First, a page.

As you might know, I don’t travel well. When I booked my trip to Paris, I was ecstatic because I loved the idea of going to France but didn’t actually think August 8 would ever come. Me sit in an aluminum tube as it hurled through space over the ocean where Jaws lives and the Titanic went down, all taking place in the dark? No way. Time would stand still, my routine intact.
But the day drew closer and, as the truth became clear (the world continues revolving), I did a few desperate pre-travel things:
1. Handed assignments in very early at work.
2. Watched 7 seasons of Grey’s Anatomy (I understand a lot about medicine now).
3. Did four embarrassing puzzles (some with glitter).
4. Cleaned the apartment from top to bottom. I won’t say when I did this last. We’ll just say it’s been
5. Started watching Shark Week until I realized I might be a shark victim.
The other non-plane problem with vacation is that you’re supposed to take a break from work. This is very hard for me because along with my husband and family (and, okay, Candy Crush), work plays a major role in my life. How can I not check email (even the easy ones)? Not edit (when I have three books due)? Not try to get ahead of deadlines? You mean, I have to enjoy my surroundings and do something other than read/write? I can do this for four days, not ten. But my husband wanted a real trip and I wanted to prove to him–and myself–that I could do this.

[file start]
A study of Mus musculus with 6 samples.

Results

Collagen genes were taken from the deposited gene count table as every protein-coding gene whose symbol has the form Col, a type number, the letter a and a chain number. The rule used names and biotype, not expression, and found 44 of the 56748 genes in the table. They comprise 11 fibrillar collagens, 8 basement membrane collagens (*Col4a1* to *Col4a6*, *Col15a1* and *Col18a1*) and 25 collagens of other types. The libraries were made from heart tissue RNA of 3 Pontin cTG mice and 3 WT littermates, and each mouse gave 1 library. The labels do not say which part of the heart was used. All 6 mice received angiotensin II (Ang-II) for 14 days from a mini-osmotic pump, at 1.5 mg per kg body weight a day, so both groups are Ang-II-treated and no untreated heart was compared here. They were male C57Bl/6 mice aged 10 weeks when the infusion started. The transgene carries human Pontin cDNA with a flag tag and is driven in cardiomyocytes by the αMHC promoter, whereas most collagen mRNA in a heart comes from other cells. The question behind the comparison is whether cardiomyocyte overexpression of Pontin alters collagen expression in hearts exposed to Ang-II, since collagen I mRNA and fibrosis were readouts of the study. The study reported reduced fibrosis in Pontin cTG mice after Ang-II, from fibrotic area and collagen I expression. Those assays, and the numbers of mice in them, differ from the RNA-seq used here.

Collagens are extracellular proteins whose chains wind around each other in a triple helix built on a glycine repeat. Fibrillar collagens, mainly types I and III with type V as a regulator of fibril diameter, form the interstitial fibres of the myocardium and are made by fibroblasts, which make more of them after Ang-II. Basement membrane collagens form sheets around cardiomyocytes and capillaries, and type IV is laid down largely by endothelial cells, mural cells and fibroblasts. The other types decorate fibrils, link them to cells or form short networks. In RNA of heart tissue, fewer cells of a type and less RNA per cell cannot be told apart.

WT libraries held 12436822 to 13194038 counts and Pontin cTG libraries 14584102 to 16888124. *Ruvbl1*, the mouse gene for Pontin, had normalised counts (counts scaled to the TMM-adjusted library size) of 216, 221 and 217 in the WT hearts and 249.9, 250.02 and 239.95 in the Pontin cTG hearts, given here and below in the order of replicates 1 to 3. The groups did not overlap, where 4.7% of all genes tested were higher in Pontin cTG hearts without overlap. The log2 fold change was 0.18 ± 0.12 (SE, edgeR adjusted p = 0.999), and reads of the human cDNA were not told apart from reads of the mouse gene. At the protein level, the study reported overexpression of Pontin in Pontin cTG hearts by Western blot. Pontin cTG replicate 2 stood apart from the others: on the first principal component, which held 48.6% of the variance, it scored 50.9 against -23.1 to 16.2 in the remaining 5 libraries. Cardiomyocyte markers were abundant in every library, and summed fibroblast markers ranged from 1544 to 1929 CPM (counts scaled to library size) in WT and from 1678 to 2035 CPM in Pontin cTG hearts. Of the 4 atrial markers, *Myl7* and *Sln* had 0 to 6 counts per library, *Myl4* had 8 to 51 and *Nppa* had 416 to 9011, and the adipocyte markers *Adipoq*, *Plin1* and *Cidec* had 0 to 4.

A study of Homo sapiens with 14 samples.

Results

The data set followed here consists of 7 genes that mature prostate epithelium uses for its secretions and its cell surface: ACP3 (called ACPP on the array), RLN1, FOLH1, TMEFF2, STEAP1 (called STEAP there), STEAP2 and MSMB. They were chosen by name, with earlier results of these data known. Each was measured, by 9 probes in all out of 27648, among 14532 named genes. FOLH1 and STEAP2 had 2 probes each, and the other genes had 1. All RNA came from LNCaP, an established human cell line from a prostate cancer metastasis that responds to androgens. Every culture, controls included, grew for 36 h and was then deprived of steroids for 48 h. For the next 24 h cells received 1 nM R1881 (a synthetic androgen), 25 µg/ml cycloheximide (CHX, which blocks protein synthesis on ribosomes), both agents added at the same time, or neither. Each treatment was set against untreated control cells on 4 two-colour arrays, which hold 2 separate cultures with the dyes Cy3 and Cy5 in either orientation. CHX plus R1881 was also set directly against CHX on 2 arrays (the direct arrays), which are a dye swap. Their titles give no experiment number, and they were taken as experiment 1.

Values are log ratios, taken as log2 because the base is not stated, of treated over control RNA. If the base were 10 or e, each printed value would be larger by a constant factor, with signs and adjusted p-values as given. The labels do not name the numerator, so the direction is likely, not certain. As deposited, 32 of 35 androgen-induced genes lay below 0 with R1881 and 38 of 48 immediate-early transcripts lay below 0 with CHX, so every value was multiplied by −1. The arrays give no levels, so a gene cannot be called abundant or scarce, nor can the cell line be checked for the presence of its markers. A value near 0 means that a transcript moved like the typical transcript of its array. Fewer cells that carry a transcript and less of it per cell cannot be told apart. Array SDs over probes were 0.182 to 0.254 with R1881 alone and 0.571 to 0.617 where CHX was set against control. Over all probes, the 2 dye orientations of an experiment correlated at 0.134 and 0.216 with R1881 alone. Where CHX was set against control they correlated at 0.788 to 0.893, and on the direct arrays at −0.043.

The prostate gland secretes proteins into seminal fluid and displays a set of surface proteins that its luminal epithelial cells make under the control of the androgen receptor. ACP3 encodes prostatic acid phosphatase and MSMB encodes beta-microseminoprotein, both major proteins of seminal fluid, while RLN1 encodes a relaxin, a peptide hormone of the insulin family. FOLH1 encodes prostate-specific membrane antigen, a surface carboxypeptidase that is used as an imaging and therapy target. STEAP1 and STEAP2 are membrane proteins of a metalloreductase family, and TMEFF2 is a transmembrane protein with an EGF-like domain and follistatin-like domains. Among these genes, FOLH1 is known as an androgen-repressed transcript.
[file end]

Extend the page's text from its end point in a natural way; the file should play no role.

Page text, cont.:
The big lesson I learned is that it’s amazing what a person can withstand–I survived both plane rides just fine. And even when the pilot said, “This flight will be unusually long,” I only whimpered a little. Paris is a gorgeous city, even more entertaining this time since I could share it with a loved one (though his tolerance of dubbed American shows was unsatisfactory–Bones and MacGyver dubbed, c’mon!). We dined, walked, took in culture, bought souvenirs, spoke French and then were happy to come home.
Maybe I did check my work email a little. I edited thirty pages (I brought 200). But luckily, jet lag and poor Wi-Fi service kept me out of the work loop for a while. Most important was returning to my normal life knowing I could do more than I had expected of myself.